All season long, head coach Josh Brandwene has stressed the importance of improving from day-to-day and his team did just that this past weekend.
After a 4-1 loss to Rochester Institute of Technology Friday, the Nittany Lions rebounded with two first-period goals on Saturday to ultimately earn a tie and pick up their first College Hockey America point.
“[Saturday’s tie], really will be in the long-term, despite the, ‘Wow, we got so close,’ a great day for us going forward,” Brandwene said. “To me, this was awesome.”
Brandwene said the first period, in which captain Taylor Gross and forward Shannon Yoxheimer each had goals within 23 seconds of one another, was the best first period the team has had all year.
Brandwene also said the team adjusted on clearing the puck out of its end and getting pucks deep with authority in order to avoid being on defense as much as the Lions were on Friday.
Goalie Nicole Paniccia rebounded from allowing four goals on Friday with a career-high 59 saves on Saturday.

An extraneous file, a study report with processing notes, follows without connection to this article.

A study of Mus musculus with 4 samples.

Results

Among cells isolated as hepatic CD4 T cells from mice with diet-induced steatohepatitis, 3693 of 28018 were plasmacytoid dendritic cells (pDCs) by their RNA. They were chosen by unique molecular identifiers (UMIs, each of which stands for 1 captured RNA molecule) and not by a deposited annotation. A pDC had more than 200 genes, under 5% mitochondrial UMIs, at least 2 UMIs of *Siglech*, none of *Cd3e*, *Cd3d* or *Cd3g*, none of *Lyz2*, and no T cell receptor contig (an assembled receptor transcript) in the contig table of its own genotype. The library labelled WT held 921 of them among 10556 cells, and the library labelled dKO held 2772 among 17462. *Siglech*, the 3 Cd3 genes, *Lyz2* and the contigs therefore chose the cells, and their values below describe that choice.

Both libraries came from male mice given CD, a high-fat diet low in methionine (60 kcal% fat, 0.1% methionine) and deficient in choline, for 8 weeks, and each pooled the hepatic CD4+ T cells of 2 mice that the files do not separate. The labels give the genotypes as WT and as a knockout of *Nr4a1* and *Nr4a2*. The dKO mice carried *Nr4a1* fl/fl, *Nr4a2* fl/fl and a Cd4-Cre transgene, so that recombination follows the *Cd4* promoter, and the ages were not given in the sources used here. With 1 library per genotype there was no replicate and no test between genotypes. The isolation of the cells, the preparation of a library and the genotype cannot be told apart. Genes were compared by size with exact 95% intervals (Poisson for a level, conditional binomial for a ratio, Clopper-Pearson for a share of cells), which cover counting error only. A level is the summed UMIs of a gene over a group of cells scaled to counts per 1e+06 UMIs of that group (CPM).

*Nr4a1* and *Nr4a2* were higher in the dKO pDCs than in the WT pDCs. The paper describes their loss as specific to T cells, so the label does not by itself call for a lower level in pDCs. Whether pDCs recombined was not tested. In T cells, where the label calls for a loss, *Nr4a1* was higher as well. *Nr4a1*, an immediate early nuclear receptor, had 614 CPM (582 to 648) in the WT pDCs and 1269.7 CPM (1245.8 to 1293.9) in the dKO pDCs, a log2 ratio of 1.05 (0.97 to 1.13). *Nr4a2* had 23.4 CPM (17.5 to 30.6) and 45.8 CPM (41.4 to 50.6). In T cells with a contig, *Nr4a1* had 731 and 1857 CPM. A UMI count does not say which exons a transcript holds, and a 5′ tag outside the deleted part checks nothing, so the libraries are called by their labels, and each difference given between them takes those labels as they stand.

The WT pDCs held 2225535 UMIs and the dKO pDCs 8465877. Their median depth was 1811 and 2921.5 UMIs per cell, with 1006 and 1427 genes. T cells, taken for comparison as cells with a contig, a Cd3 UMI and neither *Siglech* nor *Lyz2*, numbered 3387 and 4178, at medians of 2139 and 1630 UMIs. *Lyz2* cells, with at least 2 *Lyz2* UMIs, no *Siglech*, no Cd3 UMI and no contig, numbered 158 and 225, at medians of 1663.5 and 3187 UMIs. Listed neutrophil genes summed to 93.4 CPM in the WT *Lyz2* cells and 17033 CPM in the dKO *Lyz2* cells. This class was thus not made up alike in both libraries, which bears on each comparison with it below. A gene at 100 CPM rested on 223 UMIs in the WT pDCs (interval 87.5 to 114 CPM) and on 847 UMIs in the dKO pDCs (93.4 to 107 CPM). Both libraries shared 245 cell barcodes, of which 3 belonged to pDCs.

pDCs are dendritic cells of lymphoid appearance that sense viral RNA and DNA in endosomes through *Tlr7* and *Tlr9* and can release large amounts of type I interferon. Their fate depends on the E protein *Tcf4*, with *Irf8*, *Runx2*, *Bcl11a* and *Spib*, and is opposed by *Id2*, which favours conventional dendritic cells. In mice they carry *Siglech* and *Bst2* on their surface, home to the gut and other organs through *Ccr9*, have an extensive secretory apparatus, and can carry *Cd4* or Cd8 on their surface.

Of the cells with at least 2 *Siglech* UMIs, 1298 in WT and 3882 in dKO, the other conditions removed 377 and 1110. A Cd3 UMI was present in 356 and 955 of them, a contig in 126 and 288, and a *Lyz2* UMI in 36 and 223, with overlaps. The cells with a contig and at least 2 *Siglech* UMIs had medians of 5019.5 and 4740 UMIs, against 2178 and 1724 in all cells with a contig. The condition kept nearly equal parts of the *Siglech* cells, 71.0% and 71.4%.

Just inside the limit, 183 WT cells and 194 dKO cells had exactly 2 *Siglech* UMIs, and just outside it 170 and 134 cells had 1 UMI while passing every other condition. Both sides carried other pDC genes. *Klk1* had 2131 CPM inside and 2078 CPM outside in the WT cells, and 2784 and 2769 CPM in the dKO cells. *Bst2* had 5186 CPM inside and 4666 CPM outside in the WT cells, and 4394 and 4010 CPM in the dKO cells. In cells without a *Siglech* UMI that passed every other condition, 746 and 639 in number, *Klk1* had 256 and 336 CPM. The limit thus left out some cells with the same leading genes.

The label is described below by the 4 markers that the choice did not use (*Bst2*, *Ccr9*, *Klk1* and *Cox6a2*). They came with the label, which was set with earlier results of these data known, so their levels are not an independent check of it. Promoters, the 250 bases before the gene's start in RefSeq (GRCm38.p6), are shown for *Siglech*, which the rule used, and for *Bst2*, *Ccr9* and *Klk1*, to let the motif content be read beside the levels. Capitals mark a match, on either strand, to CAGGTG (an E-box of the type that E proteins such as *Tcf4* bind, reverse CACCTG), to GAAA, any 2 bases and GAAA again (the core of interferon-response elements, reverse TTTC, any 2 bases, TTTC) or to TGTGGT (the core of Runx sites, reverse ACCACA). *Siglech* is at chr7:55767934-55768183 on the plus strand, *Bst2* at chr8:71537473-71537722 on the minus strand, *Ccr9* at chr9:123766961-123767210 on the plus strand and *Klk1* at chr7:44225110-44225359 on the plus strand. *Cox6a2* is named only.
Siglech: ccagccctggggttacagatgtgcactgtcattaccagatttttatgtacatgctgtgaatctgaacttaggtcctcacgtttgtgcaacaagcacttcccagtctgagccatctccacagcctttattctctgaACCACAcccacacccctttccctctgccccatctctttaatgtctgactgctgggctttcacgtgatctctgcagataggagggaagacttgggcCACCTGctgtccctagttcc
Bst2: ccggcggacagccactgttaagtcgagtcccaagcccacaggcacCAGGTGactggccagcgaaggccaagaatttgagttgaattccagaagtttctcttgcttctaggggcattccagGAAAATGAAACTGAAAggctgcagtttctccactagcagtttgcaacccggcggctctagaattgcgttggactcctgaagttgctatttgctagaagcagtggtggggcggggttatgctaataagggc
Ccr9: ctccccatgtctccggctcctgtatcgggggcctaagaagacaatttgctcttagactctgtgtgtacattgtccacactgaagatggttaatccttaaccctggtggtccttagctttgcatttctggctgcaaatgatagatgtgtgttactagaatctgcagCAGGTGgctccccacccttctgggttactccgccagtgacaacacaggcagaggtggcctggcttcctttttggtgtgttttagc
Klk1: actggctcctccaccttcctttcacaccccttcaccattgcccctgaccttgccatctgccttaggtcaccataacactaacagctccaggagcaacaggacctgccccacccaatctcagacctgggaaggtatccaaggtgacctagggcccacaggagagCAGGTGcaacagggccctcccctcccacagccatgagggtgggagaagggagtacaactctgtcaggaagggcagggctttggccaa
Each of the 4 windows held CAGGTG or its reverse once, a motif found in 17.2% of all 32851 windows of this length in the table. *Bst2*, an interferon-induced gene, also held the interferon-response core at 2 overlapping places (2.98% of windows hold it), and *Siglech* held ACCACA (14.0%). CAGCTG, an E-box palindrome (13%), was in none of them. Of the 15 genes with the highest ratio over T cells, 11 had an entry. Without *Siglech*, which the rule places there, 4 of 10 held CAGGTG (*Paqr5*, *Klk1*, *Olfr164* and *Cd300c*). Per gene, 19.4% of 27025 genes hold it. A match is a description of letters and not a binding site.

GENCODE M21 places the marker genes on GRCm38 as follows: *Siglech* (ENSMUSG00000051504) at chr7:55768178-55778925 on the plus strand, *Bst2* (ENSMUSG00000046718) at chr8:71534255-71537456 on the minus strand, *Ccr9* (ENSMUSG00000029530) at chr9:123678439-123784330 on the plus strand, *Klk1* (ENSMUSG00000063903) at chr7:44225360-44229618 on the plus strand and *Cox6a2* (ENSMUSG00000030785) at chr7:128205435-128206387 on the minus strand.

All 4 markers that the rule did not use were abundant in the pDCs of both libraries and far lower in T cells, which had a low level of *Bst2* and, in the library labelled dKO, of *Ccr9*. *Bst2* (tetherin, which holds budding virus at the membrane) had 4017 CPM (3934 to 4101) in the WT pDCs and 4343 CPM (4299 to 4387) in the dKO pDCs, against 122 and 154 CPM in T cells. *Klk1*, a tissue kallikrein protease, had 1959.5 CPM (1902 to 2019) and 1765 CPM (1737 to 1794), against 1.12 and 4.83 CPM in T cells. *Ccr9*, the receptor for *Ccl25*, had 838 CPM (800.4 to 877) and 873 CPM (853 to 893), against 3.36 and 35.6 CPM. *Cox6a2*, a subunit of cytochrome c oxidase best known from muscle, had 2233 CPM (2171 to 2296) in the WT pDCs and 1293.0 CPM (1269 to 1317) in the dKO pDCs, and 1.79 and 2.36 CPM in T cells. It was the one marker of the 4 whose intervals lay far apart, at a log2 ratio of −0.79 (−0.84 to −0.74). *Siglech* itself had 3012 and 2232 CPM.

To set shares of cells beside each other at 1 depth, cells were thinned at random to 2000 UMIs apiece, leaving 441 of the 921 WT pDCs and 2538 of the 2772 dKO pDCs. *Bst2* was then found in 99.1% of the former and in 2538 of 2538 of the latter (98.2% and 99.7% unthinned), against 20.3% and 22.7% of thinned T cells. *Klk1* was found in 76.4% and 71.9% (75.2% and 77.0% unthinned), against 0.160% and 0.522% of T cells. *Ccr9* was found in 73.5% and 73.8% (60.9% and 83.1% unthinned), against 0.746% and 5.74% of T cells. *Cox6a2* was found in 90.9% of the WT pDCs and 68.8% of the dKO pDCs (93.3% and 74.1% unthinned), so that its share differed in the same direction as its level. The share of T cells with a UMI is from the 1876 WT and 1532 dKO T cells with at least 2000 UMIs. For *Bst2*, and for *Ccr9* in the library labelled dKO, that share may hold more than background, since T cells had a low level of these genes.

Paniccia said she did not prepare any differently for the second game.
“We did a lot better with our penalty kill…and a lot of teammates were blocking shots,” Paniccia said. “Even though we got the tie, we keep getting better and hopefully later on in the season [when] we play them again, we will get the win next time.”
Defender Lindsay Reihl said the tie was big on Saturday, but also for the team as it moves forward.
“I think it just builds momentum and gets us going even harder,” Reihl said. “It makes us push that much harder.”
Reihl said the Lions learn more and more from every game they play and they will continue to build from what they know they have to work on.
Yoxheimer said the improvement from Game 1 to Game 2 against RIT showed that the team is buying into what Brandwene is saying.
“[Friday], obviously, things weren’t going the way that we wanted and [Saturday], we were a different team with a different group of kids,” Yoxheimer said. “I just think that listening to what he has to say really helps the team.”
Brandwene understands that the Lions usually play the role of an underdog because they are in their first season of Division I hockey and all but five of the Lions’ 27 players are underclassmen. However, he has been pleased with how his team has reacted to that situation.
“For these young kids to just embrace the underdog role and go out and defy the odds everyday just speaks volumes about who they are as players and more importantly, as people,” Brandwene said. “I’m really proud.”